A full-time return to the classroom for all pupils is a “huge challenge” which will come with a “heavy price tag”, MSPs have been warned.
Stephen McCabe, children’s spokesman on local government body Cosla, insisted councils across the country are “confident” schools could fully reopen from August 11, if the Scottish Government decides it is safe.
The Scottish cabinet is due to make a decision on school reopenings when it meets on Wednesday, with First Minister Nicola Sturgeon announcing what will happen the following day.
The Scottish Government has made clear its aim is for all youngsters to return to school five days a week when the new term starts.
But before that ministers instructed councils to draw up plans for “blended learning”, which could see some children spend as little as one day a week in school, with the rest of their education at home.
Mr McCabe said: “On the basis I have received from directors of education, they are confident they will be in a position to get schools back into full-time learning during August.”
Speaking to MSPs on Holyrood’s Education Committee he said council education chiefs are “confident that whatever decision the Government makes on Wednesday/Thursday they can implement”.
He insisted there is a “huge commitment within local authorities and across the education community to try to return our children to full-time education in August”, adding: “If the Government makes that decision, we will be ready for it.”
But he also told the committee: “It’s a huge challenge, returning to full-time education after five months of no education, essentially.”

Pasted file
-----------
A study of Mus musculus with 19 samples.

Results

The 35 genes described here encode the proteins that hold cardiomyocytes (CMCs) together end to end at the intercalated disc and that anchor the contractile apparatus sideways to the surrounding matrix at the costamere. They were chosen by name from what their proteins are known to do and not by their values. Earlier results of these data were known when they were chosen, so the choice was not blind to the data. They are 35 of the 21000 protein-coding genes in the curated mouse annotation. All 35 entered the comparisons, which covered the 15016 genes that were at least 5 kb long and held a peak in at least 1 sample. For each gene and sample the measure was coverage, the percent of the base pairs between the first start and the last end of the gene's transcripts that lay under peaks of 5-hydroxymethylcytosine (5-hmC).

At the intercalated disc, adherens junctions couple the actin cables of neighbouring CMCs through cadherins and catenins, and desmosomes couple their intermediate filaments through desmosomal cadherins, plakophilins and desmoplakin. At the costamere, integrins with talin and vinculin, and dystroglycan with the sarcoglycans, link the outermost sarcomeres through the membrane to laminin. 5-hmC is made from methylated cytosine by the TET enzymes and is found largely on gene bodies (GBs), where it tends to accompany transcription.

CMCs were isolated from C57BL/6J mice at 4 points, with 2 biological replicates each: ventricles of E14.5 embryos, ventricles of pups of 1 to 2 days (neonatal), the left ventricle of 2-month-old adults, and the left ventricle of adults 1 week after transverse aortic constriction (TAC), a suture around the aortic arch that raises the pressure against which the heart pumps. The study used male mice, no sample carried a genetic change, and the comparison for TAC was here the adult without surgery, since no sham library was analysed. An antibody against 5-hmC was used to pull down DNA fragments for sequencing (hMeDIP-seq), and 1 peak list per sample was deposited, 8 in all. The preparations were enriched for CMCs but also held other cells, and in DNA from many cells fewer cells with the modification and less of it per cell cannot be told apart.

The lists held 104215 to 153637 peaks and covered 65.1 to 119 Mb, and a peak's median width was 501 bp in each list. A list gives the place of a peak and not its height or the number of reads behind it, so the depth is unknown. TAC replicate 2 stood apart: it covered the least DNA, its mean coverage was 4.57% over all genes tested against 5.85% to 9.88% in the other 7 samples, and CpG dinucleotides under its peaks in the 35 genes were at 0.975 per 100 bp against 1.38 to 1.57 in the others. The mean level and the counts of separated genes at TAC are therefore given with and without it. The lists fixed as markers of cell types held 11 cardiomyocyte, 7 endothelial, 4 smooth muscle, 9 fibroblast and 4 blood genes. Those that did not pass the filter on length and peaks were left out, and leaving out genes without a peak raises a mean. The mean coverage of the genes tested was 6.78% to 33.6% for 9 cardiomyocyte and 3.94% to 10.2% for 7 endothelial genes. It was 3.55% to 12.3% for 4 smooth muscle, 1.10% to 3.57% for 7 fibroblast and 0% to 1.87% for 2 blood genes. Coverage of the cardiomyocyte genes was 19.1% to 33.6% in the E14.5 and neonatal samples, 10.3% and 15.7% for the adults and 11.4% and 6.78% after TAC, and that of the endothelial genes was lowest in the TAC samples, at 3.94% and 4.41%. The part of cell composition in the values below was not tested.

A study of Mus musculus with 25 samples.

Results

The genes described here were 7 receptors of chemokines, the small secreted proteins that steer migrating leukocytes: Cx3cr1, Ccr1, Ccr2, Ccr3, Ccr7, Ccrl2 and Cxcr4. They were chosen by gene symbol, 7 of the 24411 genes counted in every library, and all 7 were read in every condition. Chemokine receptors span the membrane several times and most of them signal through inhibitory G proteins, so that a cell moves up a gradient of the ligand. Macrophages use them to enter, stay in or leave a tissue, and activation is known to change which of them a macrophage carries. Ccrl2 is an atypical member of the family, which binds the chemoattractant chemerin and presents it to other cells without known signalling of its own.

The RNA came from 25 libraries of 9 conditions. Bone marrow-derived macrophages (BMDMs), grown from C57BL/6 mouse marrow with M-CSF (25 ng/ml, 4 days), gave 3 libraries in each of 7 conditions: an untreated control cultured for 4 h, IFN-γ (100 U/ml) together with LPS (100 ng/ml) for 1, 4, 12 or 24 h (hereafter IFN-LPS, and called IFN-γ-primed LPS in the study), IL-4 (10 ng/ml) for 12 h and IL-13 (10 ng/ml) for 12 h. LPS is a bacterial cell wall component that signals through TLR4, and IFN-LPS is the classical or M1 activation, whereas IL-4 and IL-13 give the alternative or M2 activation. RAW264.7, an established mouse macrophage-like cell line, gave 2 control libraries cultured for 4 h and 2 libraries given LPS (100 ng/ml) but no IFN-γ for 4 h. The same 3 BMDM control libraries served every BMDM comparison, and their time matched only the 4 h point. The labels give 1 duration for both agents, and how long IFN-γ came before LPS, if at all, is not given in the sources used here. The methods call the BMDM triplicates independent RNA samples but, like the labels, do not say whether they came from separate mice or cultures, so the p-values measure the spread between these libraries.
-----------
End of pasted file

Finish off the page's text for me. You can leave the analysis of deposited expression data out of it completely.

Education secretary John Swinney told MSPs last week that secondary schools will have to take “practical” steps to ensure distancing between pupils if they reopen full-time on August 11, but Mr McCabe said this would not always be possible.
He said: “I think the reality is there will be limited opportunities for social distancing in secondary schools.”
He also spoke about the cleaning requirements needed, saying East Dunbartonshire Council was looking to recruit 72 new cleaners to work during the school day.
“Cleaning on its own is going to be a huge additional cost,” he said.
“There will be other costs, around school transport and PPE, the type of logistical costs that will require to be met to safely return children to school.”
While councils are to receive an additional £20m funding to help with this, Mr McCabe said talks were taking place with ministers about additional resources.
The guidance “will come with a heavy price tag” that will be “significantly more” than the money already being provided, he warned.
Swinney, who was also giving evidence to the committee, stressed his commitment to “continue to engage with local government about the identification of costs”.
He told MSPs that when schools open again, sample testing for coronavirus will be carried out.
This will cover “a very wide cross-section of schools within Scotland”, Swinney said, “to ensure we are properly and fully monitoring any changes in patterns that may emerge as a consequence of the reopening of schools”.
But Green education spokesman Ross Greer said he was “really, really concerned that not only will it not be regular testing but the ‘enhanced surveillance testing’ may not even be ready for schools reopening”.
Mr McCabe said: “The stark reality is we know there are going to be incidents of Covid-19 in our schools, and we are going to have to manage them effectively.”
Swinney conceded: “I have some anxiety about the reopening of schools, because of the degree of change this represents in the arrangements we have within our society.
“We have been in a situation for four months of really very limited contact between individuals and very limited gatherings, and the openings of schools will be a very significant next step in the move out of lockdown.”